A craving for scones + leftover pumpkin purée + a block of sharp cheddar cheese = magic.I like to combine sweet and salty elements in food and they didn’t disappoint here, though I was concerned (as I usually am when experimenting with baking) about the proportions of ingredients I was using. I wanted to use up as much of my leftover pumpkin purée as possible and I had the idea that adding cheddar would make the scones less one-dimensional, but how much should I add? I proceeded with caution. I left behind some of the pumpkin purée and went the safe route with the cheddar, adding only one cup (loosely packed). In the end, the amount of pumpkin and eggs I used to bind the batter wasn’t quite enough so I ended up adding milk but you know what? It worked anyway. In fact, I wouldn’t change a thing here. The effect on the final product was subtle rather than obvious. The fragrant scones are crisp on the outside and soft with pockets of melted butter on the inside. The cheese added a bit of sharpness, just enough to know it’s there. I tested one right out of the oven and before I knew it I had eaten three! I liked these guys so much they might be making an appearance on my Thanksgiving table this year. One batch makes just under 20 2-inch scones but I have a feeling they’ll be gobbled up fast. Okay, that was a bad pun but seriously, try these.
Pumpkin Cheddar Scones
Pumpkin and sharp cheddar cheese are a match made in heaven, especially when the vessel that combines them is a hot, buttery scone.
Author: Lemons & Anchovies
Recipe type: Breakfast
Serves: Makes 19-20
- 2¾ cups all-purpose flour
- ⅓ cup sugar
- 1 tablespoon baking powder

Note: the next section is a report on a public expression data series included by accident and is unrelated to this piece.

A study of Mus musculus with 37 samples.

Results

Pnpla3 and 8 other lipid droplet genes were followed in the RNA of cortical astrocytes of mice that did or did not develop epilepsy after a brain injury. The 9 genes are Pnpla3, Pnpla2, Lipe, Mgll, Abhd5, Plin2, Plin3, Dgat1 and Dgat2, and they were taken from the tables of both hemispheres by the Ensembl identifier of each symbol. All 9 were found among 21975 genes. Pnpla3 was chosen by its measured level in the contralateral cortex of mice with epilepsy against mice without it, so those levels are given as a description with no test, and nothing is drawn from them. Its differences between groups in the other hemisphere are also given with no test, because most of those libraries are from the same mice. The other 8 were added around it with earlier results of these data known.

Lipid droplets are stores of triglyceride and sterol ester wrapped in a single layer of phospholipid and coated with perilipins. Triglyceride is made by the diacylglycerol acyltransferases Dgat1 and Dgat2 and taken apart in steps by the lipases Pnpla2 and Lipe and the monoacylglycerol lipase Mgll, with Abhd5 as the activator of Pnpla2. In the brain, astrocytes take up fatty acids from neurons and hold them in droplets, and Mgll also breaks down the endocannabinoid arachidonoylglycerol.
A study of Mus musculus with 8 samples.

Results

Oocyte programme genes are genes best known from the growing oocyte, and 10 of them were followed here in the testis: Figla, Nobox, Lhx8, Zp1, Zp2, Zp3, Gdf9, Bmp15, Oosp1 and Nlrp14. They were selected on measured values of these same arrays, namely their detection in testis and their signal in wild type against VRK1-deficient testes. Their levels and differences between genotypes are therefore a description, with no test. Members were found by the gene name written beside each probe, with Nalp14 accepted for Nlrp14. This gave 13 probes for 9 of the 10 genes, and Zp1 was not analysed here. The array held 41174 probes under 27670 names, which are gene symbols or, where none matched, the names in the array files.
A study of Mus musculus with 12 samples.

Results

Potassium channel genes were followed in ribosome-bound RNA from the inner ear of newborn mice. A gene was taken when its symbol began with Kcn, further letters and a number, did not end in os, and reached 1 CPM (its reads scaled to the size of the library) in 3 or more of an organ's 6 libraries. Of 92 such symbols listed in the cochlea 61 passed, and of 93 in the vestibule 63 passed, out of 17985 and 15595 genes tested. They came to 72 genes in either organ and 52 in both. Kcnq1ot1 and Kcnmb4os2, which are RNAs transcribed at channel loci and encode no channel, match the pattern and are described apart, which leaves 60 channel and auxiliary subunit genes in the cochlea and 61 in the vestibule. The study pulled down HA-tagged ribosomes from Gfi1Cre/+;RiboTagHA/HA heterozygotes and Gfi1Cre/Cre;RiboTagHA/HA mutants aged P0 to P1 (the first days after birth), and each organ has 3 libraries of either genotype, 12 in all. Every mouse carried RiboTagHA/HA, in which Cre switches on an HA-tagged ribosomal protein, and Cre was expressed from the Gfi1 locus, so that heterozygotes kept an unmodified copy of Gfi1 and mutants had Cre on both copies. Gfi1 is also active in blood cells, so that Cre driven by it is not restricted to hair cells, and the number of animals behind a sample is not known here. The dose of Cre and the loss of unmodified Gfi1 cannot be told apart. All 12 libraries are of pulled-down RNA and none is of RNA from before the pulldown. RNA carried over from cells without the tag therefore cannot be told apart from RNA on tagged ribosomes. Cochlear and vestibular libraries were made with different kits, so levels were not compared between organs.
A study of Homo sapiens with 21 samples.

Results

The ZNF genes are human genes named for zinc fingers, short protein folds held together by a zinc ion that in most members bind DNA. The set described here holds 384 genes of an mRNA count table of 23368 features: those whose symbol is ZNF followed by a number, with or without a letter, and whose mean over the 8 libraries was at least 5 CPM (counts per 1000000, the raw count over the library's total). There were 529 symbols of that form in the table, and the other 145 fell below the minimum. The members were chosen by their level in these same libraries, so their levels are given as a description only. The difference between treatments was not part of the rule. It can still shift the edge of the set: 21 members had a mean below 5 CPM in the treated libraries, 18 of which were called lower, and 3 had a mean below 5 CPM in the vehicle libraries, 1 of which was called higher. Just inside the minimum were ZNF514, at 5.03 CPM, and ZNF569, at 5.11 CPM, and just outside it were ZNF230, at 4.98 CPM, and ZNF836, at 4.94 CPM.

- ¾ teaspoon kosher salt
- 1 teaspoon cinnamon
- ½ + ⅛ teaspoon freshly ground nutmeg
- ¼ teaspoon allspice
- ½ cup cold butter, cut in cubes
- ¾ cup pumpkin purée
- 2 eggs
- ¼ cup milk plus more for brushing scones
- 1 cup grated sharp cheddar cheese
- Preheat your oven to 425°F (see note below).
- Whisk together the flour, sugar, baking powder, salt and spices in a large mixing bowl. Work in the butter using a pastry cutter until the mixture is a little crumbly. You can use your hands, too, to distribute the butter a little better but unevenly crumbly would be okay. Stir in the grated cheese.
- In a separate bowl, whisk together the pumpkin and 2 eggs until the mixture is smooth then add to the dry ingredients and stir together. At this point the mixture will seem dry with a bit unincorporated dry ingredients. Add ⅛ cup of the milk then stir together again. I ended up adding the other ⅛ cup milk and combined the dough with my hands (in the bowl using a kneading motion). The mixture will be moist and stick to your fingers if you used the entire ¼ cup milk. This is okay.
- Line 2 baking sheets with parchment paper or a silicone mat.
- Scrape the dough onto a lightly-floured work surface. Bring the dough together into a round and flatten with your hands until the dough is roughly ½ - ¾ inch thick. Using a 2-inch round cookie cutter, cut a piece of the dough and transfer onto your lined baking sheet. I was able to get 19 pieces by reshaping the scraps of dough and using it until it was all gone.
- Brush the tops with a little milk and bake in the oven for 11 - 13 minutes or until the scones are golden.
- Serve warm.
I use the convection feature of my oven so I baked mine at 400°F and the scones were done in 11-12 minutes. Based on experience this means that 425°F would be the recommended temperature for a regular oven. It might take a minute or two longer to bake your scones but as long as they're lightly golden, they're done.